Reading Time: 2 minutes
Why didn’t anyone think of this before? Kids love comics: for many, it’s a way to learn to read, with visuals and words tied together closely. Some picture books are almost like comics themselves, with the action taking place in the picture and most of the words consisting of dialogue (think Don’t Let the Pigeon Drive the Bus, for instance). And, of course, nursery rhymes are also great for young brains who latch onto rhymes and silly tales.
Nursery Rhyme Comics, out last month from First Second, features 50 classic nursery rhymes, each illustrated in comics form by a different cartoonist. I won’t list all the authors — you can see the full list here — but the list is broad and diverse, and includes a lot of folks whose books I’ve been reading lately: Vera Brosgol, Ben Hatke, Sara Varon, Gene Luen Yang, Craig Thompson … There are folks who have been cartooning and illustrating for decades (Jules Feiffer, for instance) and there are folks who have published their first books within the past year.
It’s delightful to see what each artist has done with their rhyme. Some of them do a fairly straightforward, literal translation, but others take a familiar phrase and come at it sideways, turning it into something brand new.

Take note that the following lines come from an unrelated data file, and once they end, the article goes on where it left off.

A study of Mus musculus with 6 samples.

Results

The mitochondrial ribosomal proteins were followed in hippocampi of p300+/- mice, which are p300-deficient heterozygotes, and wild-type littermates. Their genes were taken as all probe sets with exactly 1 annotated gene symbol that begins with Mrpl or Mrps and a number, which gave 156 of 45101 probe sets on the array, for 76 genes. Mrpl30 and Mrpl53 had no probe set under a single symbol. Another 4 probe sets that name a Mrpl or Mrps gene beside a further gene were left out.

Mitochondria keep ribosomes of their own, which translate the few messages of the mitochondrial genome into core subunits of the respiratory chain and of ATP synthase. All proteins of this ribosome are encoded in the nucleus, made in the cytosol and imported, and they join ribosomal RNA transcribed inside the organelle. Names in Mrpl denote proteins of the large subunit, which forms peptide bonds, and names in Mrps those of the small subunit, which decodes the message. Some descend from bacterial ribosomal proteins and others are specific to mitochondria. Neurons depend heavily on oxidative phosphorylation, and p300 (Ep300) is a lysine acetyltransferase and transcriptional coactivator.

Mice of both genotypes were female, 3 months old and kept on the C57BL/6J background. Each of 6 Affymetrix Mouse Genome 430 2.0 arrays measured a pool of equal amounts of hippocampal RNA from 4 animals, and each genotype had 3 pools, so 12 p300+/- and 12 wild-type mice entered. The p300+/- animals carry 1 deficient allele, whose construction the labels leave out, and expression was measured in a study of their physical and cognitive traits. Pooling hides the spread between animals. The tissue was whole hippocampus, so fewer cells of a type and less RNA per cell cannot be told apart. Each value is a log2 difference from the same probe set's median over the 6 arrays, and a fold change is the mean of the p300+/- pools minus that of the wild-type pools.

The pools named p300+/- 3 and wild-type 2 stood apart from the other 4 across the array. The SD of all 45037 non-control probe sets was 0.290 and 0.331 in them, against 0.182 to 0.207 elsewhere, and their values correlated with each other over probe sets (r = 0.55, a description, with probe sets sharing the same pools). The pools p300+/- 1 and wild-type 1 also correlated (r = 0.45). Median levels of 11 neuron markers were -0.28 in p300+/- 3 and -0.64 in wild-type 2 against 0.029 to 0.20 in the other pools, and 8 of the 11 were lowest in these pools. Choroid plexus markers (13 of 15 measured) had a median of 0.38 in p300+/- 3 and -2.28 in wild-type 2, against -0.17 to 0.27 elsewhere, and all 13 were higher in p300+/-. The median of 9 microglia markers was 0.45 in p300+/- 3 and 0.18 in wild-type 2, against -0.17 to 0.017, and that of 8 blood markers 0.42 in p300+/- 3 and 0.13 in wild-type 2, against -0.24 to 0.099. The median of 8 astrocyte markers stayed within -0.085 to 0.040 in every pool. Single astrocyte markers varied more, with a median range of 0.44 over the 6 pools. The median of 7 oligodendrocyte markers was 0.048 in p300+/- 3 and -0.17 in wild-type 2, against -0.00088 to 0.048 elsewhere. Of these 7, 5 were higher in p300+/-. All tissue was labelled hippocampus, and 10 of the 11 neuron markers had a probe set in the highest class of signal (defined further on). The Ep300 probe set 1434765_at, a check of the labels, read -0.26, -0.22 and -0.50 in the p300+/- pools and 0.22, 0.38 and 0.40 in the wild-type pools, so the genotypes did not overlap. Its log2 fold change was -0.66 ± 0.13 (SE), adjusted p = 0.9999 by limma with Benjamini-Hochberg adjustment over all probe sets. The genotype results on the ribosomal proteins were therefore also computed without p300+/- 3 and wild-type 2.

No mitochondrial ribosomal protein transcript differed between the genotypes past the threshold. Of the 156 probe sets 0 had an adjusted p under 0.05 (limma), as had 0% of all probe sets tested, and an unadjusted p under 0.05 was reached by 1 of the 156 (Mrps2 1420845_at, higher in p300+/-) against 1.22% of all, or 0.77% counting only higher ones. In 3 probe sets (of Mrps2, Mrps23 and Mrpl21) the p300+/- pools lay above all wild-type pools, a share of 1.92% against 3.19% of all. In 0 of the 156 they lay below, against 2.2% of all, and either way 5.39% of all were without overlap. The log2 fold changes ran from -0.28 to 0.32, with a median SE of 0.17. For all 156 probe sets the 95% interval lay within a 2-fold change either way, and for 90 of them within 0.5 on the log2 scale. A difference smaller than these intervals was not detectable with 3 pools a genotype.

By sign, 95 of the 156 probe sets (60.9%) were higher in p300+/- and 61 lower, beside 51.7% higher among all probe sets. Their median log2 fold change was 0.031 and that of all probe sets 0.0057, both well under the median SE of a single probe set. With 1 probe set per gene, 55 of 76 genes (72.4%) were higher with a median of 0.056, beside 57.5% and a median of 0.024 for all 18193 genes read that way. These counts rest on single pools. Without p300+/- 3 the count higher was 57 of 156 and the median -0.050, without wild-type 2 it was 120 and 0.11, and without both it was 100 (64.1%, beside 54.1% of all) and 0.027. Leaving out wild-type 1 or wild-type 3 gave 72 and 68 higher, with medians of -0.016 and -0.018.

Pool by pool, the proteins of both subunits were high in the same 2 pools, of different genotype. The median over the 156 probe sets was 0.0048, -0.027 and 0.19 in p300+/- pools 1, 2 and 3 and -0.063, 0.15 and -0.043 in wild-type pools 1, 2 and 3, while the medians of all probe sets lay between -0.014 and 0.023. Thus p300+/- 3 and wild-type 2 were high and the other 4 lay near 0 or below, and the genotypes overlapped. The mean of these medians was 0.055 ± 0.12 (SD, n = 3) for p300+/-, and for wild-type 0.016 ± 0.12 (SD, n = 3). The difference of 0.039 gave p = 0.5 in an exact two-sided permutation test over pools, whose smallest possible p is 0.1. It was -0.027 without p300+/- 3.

As with most anthologies, there are some that I like better than others, but it’s a great showcase of a lot of different artwork and styles. If you’ve got kids who like comics, this is a great jumping-off point into other comics by these artists, many of whom have kid-friendly books. (But check first! Some artists usually write for teens or adults instead.)
It’s a gorgeous book, and unlike many comics books for kids it’s actually a hardcover, picture book-sized, so it’s built to last and is perfect for bedtime story reading. Even if your kids are a little older, if they like comics they’ll enjoy this fresh new take on old favorites. My own kids have really loved it, and I’ve had a blast sharing it with them.
You can read an excerpt of the book here, but really you should just get the whole thing.
Disclosure: GeekDad received a copy for review purposes.